By David G Maillu
In the name of criticism we have got a crop of people on the ground who employ intellectual witchcraft to destroy creativity. There’s an extent at which criticisms become destructive criticism, particularly when that criticism is triggered by the love-to-sound-and-hear-your-own-bray.
In what context did Dr Joyce Nyairo write in Saturday Nation when she said, “As we await the arrival of that great Kenyan novel that will knock A Grain of Wheat and The River and Source off the best seller charts”? Elsewhere she wondered, “Do we Kenyans lack the talent to fictionalize accounts we think are significant? Do we lack the ethical compass that leads old-school authors to state in disclaimers upfront?”
Nyairo has overprized A Grain of Wheat, The River Between, Things Fall Apart and the rest in the name of criticizing lack of criticism in Kenya. It is important for us to understand the historical circumstances under which those works were written and published. Their publication abolished the underlying Whiteman’s colonial belief that the Blackman is incapable of writing.
When the British publisher, Heinneman, kicked off with a series called “African-Writers” under which its first publications were Things Fall Apart, The River Between and the others, as samples of theAfrican’s ability to write, those titles were given worldwide publicity. That was the making of earlier authors led by Chinua Achebe, James Ngugi, Ayi Kwei Amah and others, intellectual guinea pigs.
These novels were given ai incredible commercial world-wide monopoly of consumption in reading institutions. By the time each of the authors published his third book, he had been grafted to become a world celebrity.
The celebrity of these earlier African writers eclipsed many writers in developed countries, some of them who had published more and great works. Later on when the Heinneman African Writers Series had grown big and the excitement and monopoly had been killed, the publisher abandoned publishing the series. By that time other writers had come onto the stage but unfortunately their works did not receive the graft given to the first ones. Commercially the publisher was unable to sustain the publication. Nevertheless, the pioneer authors sustained their grafted celebrity up to this stage.
Unfortunately, that fame went into the heads of some of them. It bought their personality the licence of moving throwing their grafted intellectual weight on the “small” authors, demanding that they should be recognized as only qualified intellectual earth movers.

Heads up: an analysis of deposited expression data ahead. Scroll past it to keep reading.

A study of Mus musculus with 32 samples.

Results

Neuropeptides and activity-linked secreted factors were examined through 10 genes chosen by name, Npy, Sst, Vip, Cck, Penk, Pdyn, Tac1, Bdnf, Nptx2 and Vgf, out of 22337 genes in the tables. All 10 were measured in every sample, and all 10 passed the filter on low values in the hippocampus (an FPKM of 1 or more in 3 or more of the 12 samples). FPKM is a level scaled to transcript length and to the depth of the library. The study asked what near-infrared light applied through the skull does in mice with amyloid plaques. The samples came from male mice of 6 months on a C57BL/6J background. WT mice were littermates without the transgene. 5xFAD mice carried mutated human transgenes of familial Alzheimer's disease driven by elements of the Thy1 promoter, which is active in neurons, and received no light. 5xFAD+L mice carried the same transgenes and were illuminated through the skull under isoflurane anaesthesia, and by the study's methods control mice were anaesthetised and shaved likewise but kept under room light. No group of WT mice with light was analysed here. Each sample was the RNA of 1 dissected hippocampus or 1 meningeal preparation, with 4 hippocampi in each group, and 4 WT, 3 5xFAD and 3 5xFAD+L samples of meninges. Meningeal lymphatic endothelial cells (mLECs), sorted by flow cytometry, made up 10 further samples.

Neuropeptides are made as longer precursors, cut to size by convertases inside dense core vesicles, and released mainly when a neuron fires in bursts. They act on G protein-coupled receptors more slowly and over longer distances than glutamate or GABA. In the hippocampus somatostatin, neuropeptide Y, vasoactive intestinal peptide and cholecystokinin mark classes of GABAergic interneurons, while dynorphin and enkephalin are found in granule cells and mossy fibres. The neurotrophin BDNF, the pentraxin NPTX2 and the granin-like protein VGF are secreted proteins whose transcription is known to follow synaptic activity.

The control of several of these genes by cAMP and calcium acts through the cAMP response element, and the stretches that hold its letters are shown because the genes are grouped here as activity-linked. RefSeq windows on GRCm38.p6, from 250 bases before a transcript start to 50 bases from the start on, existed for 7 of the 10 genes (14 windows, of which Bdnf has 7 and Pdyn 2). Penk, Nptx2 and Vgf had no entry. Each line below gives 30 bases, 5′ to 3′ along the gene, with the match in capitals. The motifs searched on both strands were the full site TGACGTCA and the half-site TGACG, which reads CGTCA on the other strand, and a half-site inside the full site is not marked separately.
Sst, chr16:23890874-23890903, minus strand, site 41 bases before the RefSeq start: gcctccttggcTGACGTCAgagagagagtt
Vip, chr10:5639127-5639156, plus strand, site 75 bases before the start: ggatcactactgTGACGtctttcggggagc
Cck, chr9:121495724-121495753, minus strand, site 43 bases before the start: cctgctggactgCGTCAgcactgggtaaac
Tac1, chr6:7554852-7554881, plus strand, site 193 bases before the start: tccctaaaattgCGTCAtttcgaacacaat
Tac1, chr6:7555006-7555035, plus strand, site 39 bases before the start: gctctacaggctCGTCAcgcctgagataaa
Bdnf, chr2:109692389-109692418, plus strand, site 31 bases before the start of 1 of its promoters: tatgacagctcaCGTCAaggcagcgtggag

Apparently, the books of these earth movers form the yardstick with Dr Joyce Nyairo is assessing Kenyan creativity.
The second installment of the Whiteman’s challenges stormed in Africa claiming that African authors are mere short-distance runners because they hardly can author works running beyond three hundred pages. Allow me at this stage to sound my bray. Although I was not writing to prove them wrong, I published Broken Drum running 1,120 pages, which sister Joyce Nyairo can’t see at all for A Grain of Wheat and River Between. She has been awaiting the arrival of the great Kenyan novel, certainly overlooking many other recent publications from other unpublicized authors that include my latest Man from Machakos and Mwanzo, The Nairobian.
I dare not say that my forthwith coming, latest and lengthy novel, Pathways, fictionalized review of the history of Kenya’s 50 years of self-rule, will come anywhere near what Dr Joyce Nyairo and her people are awaiting. However, what we will never get, I can bet, is the return of the times of Chinua Achebe, James Ngugi, Ayi Kwei Amah and earlier writers. In that case, you can rest assured that no other novels will beat Things Fall Apart, The River Between and The Beautiful Ones are not Yet Born.
Woe unto the upcoming creative writers if they use Nyairo’s yardstick to measure their creativity. Their creativity is very valid and they are great writers but at a different time, long, long after grafting has died with British Heinneman Publishers. My advice to them: swim or sink.